A couple of years ago, I was doing a regular plunder through the gun shops in the area and I happened upon this consignment gun under the glass. I have always thought I needed a .44 mag. wheel gun (at least since Dirty Harry) and this one was priced right. This is a light-weight, five shot revolver, so what could there be not to love for an old man? I snagged the piece along with a couple of boxes of magnum and one of .44 spl.

When I got home, I went directly to my home range with this cannon. I started out with the .44 spl. and I was feeling all proud of myself. Then....I opened the box of Herters 240 grain soft points in the magnum flavor.

The first shot, I was not sure that the gun hadn't exploded in my face. It was like a grenade going off. I jarred every joint from my pinky to my shoulder. Since I was unaware of what was going to happen, I made a decent shot. The follow-ups were not worth spit, as I have yet to learn how to shoot a target while closing my eyes, turning my head and gritting my teeth! Yea, I flinch! ;)

I spoke to my local shop about consigning this thing, but the owner told me that no way could he sell a lightweight .44 mag. in a month of Sundays...(The implication was that none of his other customers were as dumb as I was
Air gun Trigger Gun barrel Revolver Gun accessory
)

The main value of this gun is now when my hot-shot buddies come to shoot, I let them have a cylinder of .44 spl. and then I, being such a nice guy, I will load the Mags, without comment, and watch the return of humility to the manly men.
 

"We get hundreds of emails asking if this load can be fired in S&W revolvers or some firearm other than what is in the above list. The answer is NO. The above list is all-inclusive. If some shooters continue to use this product irresponsibly, we may have to discontinue it, and that would be unfortunate as it is our best selling 44 mag. Load, and it gives excellent performance for those that use it responsibly; however, as is always the case, irresponsible use of any product ends up penalizing responsible users."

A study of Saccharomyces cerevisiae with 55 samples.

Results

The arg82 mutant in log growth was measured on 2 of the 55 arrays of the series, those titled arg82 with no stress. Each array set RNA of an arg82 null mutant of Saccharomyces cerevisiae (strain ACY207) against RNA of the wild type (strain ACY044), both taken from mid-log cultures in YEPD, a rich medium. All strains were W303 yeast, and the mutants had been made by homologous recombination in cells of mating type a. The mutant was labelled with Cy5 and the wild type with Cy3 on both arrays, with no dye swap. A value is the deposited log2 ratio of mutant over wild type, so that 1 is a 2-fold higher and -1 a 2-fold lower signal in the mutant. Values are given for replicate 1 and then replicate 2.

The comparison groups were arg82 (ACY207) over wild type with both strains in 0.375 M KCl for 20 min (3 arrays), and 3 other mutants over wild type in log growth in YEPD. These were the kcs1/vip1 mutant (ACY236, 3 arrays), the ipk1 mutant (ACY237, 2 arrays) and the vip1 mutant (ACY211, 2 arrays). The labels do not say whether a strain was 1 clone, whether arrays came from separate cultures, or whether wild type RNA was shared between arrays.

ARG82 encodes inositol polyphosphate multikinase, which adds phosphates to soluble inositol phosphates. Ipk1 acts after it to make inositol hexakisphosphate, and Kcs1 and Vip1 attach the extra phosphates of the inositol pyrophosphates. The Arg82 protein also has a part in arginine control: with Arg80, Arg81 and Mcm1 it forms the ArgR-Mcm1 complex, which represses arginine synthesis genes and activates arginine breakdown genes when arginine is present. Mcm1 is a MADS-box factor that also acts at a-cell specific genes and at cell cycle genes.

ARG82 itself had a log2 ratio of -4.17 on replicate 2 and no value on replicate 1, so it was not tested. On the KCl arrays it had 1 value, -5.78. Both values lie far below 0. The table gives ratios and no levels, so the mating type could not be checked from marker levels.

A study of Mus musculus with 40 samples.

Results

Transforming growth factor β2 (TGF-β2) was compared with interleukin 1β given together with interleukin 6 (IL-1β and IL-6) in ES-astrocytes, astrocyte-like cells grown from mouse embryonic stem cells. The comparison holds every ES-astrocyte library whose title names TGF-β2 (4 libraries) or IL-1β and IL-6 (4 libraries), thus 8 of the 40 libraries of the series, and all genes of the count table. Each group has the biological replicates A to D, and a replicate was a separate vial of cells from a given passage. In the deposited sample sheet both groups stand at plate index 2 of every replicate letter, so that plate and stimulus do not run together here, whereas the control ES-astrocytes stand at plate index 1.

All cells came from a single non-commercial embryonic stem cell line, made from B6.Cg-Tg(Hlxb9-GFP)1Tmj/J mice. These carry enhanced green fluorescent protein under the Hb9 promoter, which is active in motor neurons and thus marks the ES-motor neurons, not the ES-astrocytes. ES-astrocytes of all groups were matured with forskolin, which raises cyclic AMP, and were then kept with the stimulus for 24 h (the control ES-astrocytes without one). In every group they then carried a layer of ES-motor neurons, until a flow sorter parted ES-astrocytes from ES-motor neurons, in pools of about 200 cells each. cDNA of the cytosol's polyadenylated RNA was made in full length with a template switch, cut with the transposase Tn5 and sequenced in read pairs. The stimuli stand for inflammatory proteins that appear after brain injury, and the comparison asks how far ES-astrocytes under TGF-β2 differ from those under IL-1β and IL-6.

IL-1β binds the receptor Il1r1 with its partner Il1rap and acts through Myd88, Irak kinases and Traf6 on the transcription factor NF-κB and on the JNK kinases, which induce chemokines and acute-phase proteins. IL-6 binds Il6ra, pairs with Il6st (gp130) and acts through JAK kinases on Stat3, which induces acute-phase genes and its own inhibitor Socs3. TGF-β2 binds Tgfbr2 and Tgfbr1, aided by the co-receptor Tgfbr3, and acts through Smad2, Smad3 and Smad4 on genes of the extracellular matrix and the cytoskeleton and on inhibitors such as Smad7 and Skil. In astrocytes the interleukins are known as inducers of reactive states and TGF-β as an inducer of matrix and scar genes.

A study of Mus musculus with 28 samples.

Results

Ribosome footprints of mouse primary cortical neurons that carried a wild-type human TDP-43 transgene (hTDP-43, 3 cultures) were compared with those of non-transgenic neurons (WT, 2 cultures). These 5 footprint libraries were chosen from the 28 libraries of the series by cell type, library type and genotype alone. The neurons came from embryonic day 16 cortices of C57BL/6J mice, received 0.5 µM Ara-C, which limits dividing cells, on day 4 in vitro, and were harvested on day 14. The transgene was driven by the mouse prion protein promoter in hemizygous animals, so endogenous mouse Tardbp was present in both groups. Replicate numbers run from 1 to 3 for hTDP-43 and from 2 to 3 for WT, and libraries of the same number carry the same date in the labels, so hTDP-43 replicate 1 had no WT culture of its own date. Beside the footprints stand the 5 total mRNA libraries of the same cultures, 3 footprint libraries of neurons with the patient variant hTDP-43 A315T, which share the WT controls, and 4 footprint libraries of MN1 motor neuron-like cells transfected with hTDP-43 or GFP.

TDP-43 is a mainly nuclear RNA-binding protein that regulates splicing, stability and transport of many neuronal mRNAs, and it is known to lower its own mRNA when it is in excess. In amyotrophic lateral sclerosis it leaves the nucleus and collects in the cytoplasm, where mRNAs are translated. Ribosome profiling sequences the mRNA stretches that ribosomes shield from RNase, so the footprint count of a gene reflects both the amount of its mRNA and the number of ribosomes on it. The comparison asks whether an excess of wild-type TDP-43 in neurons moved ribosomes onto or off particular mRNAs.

The all-inclusive list of firearms strong enough to shoot it, as of today according to Buffalo Bore, is: "Ruger Red Hawk, Ruger Super Red Hawk (the Ruger Alaskan is a short barrel Super Redhawk), Ruger Super Blackhawk or Vaquero, Freedom Arms Model 83, Taurus Raging Bull All Steel Versions (no lightweight alloys), Colt Anaconda, Magnum Research BFR and Dan Wesson Revolvers. Suitable rifles include T/C Encore, CVA Hunter, Handi Rifle and any rifle with a falling block action."
I shoot them in my Ruger Alaskan as infrequently as possible; there is nothing at all fun about it.
 

 

"We get hundreds of emails asking if this load can be fired in S&W revolvers or some firearm other than what is in the above list. The answer is NO. The above list is all-inclusive. If some shooters continue to use this product irresponsibly, we may have to discontinue it, and that would be unfortunate as it is our best selling 44 mag. Load, and it gives excellent performance for those that use it responsibly; however, as is always the case, irresponsible use of any product ends up penalizing responsible users."
The all-inclusive list of firearms strong enough to shoot it, as of today according to Buffalo Bore, is: "Ruger Red Hawk, Ruger Super Red Hawk (the Ruger Alaskan is a short barrel Super Redhawk), Ruger Super Blackhawk or Vaquero, Freedom Arms Model 83, Taurus Raging Bull All Steel Versions (no lightweight alloys), Colt Anaconda, Magnum Research BFR and Dan Wesson Revolvers. Suitable rifles include T/C Encore, CVA Hunter, Handi Rifle and any rifle with a falling block action."
I shoot them in my Ruger Alaskan as infrequently as possible; there is nothing at all fun about it.
Interesting, thank you.
 

 

 

I'd keep it, and shoot exclusively 44 Spc or light cast handloads in it. It's still a sweet wheel gun, just insane that it's chambered in 44 MAG.
 

 


I did eventually get the Ruger Alaskan .44 mag though. It is all steel and more hefty in weight. But it still has a lot of recoil and muzzle blast though.
 


I did eventually get the Ruger Alaskan .44 mag though. It is all steel and more hefty in weight. But it still has a lot of recoil and muzzle blast though.
I practice drawing the Ruger Alaskan from my chest rig and firing quickly using .44SPL. The heft of the gun easily dampens the recoil so that at least I can get some muscle memory of that motion. As earlwb says, and as I've been told, if you are in the adrenaline-saturated situation of shooting at a charging bear, you won't notice the Buffalo Bore Heavy Magnum's recoil until later on, if you survived the attack. (I just got back from 10 days in Alaska; we saw plenty of bear scat and tracks but no bears actually on the trails we were hiking. And the 4-mile long peninsula our lodge (and two others) was on held a bounty hunt during the 2021 hunting season because it had become fairly dangerous to go outside at all with so many sows with cubs around. 54 bears were taken, reducing the danger until the population rebuilds itself in a couple of years as it surely will in view of the bounty of wild berries all over the place.)